Reeding the ecosystem signs

Upper Mooki grazier rehydrating the landscape

Beef News
Local Land Services officer Tim Watts with Craig Carter, Tallawang, Parraweena, among reeds that are helping to slow water across the soil surface and improve landscape rehydration.

Local Land Services officer Tim Watts with Craig Carter, Tallawang, Parraweena, among reeds that are helping to slow water across the soil surface and improve landscape rehydration.



Since undertaking extensive changes to the management of his land across two decades, native plant species have been germinating which he hasn't seen before.

"It's clear these plants have had seed in the soil for a long time, it's just that there's not been the right conditions for them to germinate until now," Mr Carter said.

He said there's been a shift in the ecosystem as his country has been rehydrated.

From birds and insects to soils teeming with life and "new" plants in the pastures, the land appears to be returning to the way it was before European settlement.

Mr Carter bought Tallawang, between Parraweena and Blackville in the Upper Mooki Catchment, in 2001.

Back then he was concerned by erosion, soil compaction, impoverished pastures and severely eroded creek and gullies.

To fix these problems, Mr Carter started by combining rotational grazing techniques learned at a Grazing for Profit course and water management from Peter Andrews' Natural Sequence Farming methods.

He said these strategies were designed to be low cost, low impact "bumps on mother nature's side" to help rebuild the function of a damaged environment.

"This is a constant learning process," Mr Carter said.

A series of leaky weirs were built along the creek in 2005 to retard water flow and enable the original chain of ponds to be re-established.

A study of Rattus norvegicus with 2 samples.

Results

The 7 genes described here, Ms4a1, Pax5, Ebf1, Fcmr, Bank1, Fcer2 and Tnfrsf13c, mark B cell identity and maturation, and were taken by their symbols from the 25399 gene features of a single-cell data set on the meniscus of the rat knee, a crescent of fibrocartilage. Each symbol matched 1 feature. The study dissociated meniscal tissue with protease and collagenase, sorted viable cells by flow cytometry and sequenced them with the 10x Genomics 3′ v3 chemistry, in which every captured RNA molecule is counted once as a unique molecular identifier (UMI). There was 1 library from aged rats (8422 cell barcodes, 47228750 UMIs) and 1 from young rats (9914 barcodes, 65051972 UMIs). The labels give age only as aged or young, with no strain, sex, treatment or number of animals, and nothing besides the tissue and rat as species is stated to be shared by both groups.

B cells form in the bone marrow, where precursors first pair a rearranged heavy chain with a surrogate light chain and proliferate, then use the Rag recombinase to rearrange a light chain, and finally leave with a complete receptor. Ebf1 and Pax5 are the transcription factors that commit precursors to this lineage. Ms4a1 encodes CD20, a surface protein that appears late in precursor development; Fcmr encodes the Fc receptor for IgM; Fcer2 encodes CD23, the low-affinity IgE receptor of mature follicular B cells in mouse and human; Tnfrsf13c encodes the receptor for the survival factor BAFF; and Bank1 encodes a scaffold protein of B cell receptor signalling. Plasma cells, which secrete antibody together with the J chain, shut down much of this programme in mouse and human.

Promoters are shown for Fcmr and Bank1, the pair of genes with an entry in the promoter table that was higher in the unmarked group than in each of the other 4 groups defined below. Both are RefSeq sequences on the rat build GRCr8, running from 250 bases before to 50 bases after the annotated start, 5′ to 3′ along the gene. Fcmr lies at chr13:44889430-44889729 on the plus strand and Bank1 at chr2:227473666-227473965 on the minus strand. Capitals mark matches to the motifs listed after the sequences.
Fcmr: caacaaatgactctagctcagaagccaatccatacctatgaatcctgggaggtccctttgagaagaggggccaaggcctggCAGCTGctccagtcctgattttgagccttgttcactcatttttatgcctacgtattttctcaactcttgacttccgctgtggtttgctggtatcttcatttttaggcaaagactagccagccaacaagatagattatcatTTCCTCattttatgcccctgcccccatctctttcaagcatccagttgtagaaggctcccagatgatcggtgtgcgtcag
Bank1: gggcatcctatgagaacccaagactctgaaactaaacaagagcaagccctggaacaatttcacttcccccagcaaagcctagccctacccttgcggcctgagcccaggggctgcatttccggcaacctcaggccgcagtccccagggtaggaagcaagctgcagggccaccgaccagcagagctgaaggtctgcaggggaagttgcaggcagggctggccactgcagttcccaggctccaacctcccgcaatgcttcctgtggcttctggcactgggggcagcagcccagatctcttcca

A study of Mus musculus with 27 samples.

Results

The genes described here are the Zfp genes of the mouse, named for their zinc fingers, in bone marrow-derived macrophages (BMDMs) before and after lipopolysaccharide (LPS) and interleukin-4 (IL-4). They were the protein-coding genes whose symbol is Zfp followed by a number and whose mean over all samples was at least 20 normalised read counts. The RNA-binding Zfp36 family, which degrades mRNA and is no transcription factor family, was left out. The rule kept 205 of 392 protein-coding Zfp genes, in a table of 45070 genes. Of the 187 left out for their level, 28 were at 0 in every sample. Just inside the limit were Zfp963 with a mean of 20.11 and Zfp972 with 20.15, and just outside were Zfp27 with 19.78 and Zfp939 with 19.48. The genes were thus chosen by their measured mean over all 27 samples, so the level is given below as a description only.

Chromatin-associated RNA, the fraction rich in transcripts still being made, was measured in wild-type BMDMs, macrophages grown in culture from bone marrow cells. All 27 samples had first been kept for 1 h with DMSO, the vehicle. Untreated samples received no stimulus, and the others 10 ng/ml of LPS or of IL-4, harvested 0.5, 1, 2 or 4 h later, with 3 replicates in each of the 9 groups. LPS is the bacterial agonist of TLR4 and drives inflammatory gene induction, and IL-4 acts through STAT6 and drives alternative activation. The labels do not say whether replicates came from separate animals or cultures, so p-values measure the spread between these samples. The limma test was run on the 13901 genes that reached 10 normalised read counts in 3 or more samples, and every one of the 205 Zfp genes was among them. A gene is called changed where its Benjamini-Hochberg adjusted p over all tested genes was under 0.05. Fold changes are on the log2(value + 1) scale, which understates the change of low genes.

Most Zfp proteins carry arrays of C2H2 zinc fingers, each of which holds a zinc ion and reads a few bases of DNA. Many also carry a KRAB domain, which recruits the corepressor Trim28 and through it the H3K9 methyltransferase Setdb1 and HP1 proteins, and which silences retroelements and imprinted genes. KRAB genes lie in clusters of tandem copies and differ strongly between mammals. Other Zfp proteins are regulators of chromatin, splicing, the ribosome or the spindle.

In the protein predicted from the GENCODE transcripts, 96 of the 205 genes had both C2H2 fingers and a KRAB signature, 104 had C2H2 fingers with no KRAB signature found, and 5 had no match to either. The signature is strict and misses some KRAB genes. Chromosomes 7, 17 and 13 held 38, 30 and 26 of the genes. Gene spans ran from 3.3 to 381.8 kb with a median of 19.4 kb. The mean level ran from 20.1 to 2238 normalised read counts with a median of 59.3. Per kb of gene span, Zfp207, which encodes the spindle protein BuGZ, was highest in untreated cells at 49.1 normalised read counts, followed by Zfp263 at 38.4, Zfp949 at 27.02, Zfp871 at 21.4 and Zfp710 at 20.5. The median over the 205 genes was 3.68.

Mr Carter sought advice from Mr Andrews to design creek structures. These were built using dead trees with later plantings of common flag reed. Yarramanbah Creek is now a "chain of ponds" with inflow varying according to local rainfall, but constant outflow.

The existing contour banks in higher country were modified in 2009 by blocking them at intervals to form swales that retain and more effectively use water in the upper parts of the landscape. Surface water infiltrates higher in the landscape, thus maintaining the pasture longer in drier times.

By enabling more water to be absorbed into the soil, the pastures are more lush, resulting in the cattle tending to walk less to find the water trough lower down the slope.

Some slashing has been used since 2010 in combination with cell grazing on creek flats to increase soil organic matter and encourage native grass regeneration.

The operation also moved from breeding to trading cattle, which enables stocking to be varied as needed to suit seasonal conditions.

By changing the grazing, Mr Carter has transformed the landscape. He said there was extensive regeneration of kangaroo grass, tall oat grass, lobed blue grass and silky brown top.

Big investment for even bigger results

Upper Mooki catchment landholders discuss a leaky weir.

Upper Mooki catchment landholders discuss a leaky weir.

AN INNOVATIVE, catchment-wide landscape hydrology project that aims to improve the health of the Upper Mooki catchment, increase farm productivity and help farmers prepare for future droughts has the full support of Parraweena grazier Craig Carter.

Mr Carter, who owns a 445 hectares between Blackville and Parraweena, has been one of the driving forces behind the project, which had a total spend of $660,000 (as reported by The Land earlier this year).

About half is funding from the government and the remainder is in-kind and cash contributions from landholders.

The project is supported by North West Local Land Services through funding from NSW Government's Catchment Action NSW and a contribution from the Australian Government's National Landcare Program.

Thirteen properties in the Willow Tree/Quirindi region are involved in the project and a number of physical changes have been made to the land on them.

These strategies include revegetation and pasture plantings, earthworks to build absorption banks, swales, sill spills and riparian works, construction of stock and riparian corridor fencing, and the establishment of additional watering points and laying of piping.

"This rehydration project focuses on the soil profile to act like a sponge for water storage," Mr Carter said.

"And unlike what I've been doing on my property over a number of years, this project includes the whole of the catchment, so everybody gets some benefit."